Statistics How To

Grouped Data: Definition, Examples

Descriptive Statistics > Grouped Data

Contents:

  1. What is Grouped Data?
  2. Ungrouped data
  3. Mean of Grouped Data

What is Grouped Data?

Grouped data is data that has been bundled together in categories. Histograms and frequency tables can be used to show this type of data:

grouped data

Relative frequency histogram showing book sales for a certain day, sorted by price.




A frequency table showing grouped data by height. Image: SHU.edu

A frequency table showing grouped data by height. Image: SHU.edu



The data is grouped together by classes or bins.

Grouped Data vs. Ungrouped Data

Ungrouped data is the data you first gather from an experiment or study. The data is raw — that is, it’s not sorted into categories, classified, or otherwise grouped. An ungrouped set of data is basically a list of numbers.

Calculating the Sample Mean for Grouped Data

When you have a frequency table or other group of data, the original set of data is lost — replaced with statistics for the group. You can’t find the exact sample mean (as you don’t have the original data) but you can find an estimate. The formula for estimating the sample mean for grouped data is:
mean for grouped data

  • x̄ is the sample mean,
  • x is the class (or category) midpoint,
  • f is the class frequency.
  • Example question: Find the sample mean for the following frequency table.

    Score Frequency ( f )
    Between 5 and 10 1
    10 ≤ t < 15 4
    15 ≤ t < 20 6
    20 ≤ t < 25 4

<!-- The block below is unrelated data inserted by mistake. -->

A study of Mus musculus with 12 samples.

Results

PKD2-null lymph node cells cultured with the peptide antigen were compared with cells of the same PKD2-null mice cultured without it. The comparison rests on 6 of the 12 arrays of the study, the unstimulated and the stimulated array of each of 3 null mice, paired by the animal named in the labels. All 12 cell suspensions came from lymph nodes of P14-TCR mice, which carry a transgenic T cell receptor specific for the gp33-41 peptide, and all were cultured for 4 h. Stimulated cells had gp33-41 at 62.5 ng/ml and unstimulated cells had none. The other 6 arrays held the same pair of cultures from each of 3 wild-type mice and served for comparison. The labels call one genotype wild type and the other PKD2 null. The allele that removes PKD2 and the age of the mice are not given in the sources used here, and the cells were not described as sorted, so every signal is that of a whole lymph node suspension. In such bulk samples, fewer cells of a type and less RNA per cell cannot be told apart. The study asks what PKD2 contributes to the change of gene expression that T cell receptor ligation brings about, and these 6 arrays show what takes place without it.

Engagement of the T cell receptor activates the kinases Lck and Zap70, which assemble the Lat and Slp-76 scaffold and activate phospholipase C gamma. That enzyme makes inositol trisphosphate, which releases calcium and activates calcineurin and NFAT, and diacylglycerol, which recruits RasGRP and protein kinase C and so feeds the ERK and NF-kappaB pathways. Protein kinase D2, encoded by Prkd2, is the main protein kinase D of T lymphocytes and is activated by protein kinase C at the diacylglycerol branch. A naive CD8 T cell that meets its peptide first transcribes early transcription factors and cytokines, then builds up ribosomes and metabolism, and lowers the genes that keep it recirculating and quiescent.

25 ≤ t < 30 2
    30 ≤ t < 35 3
    TOTALS 20

    Step 1: Find the midpoint for each class interval. the midpoint is just the middle of each interval. For example, the middle of 10 and 15 is 12.5:

    Score Frequency ( f ) Midpoint ( x )
    Between 5 and 10 1 7.5
    10 ≤ t < 15 4 12.5
    15 ≤ t < 20 6 17.5
    20 ≤ t < 25 4 22.5
    25 ≤ t < 30 2 27.5
    30 ≤ t < 35 3 32.5
    TOTALS 20

    Step 2: Multiply the midpoint (x) by the frequency (f):

    Frequency ( f ) Midpoint ( x ) Midpoint x * frequency f
    Between 5 and 10 1 7.5 7.5
    10 ≤ t < 15 4 12.5 50
    15 ≤ t < 20 6 17.5 105
    20 ≤ t < 25 4 22.5 90
    25 ≤ t < 30 2 27.5 55
    30 ≤ t < 35 3 32.5 97.5
    TOTALS 20 405

    Add up all of the totals for this step. In other words, add up all the values in the last column (you should get 405).

    Step 3: Divide the last column (f*x) by the second column (f):
    The mean of grouped data (x̄) = 405 / 20 = 20.25.


    5 thoughts on “Grouped Data: Definition, Examples

    1. Andale Post author

      Glad it helped! What kinds of examples are you looking for? For example, a specific topic or for a specific class?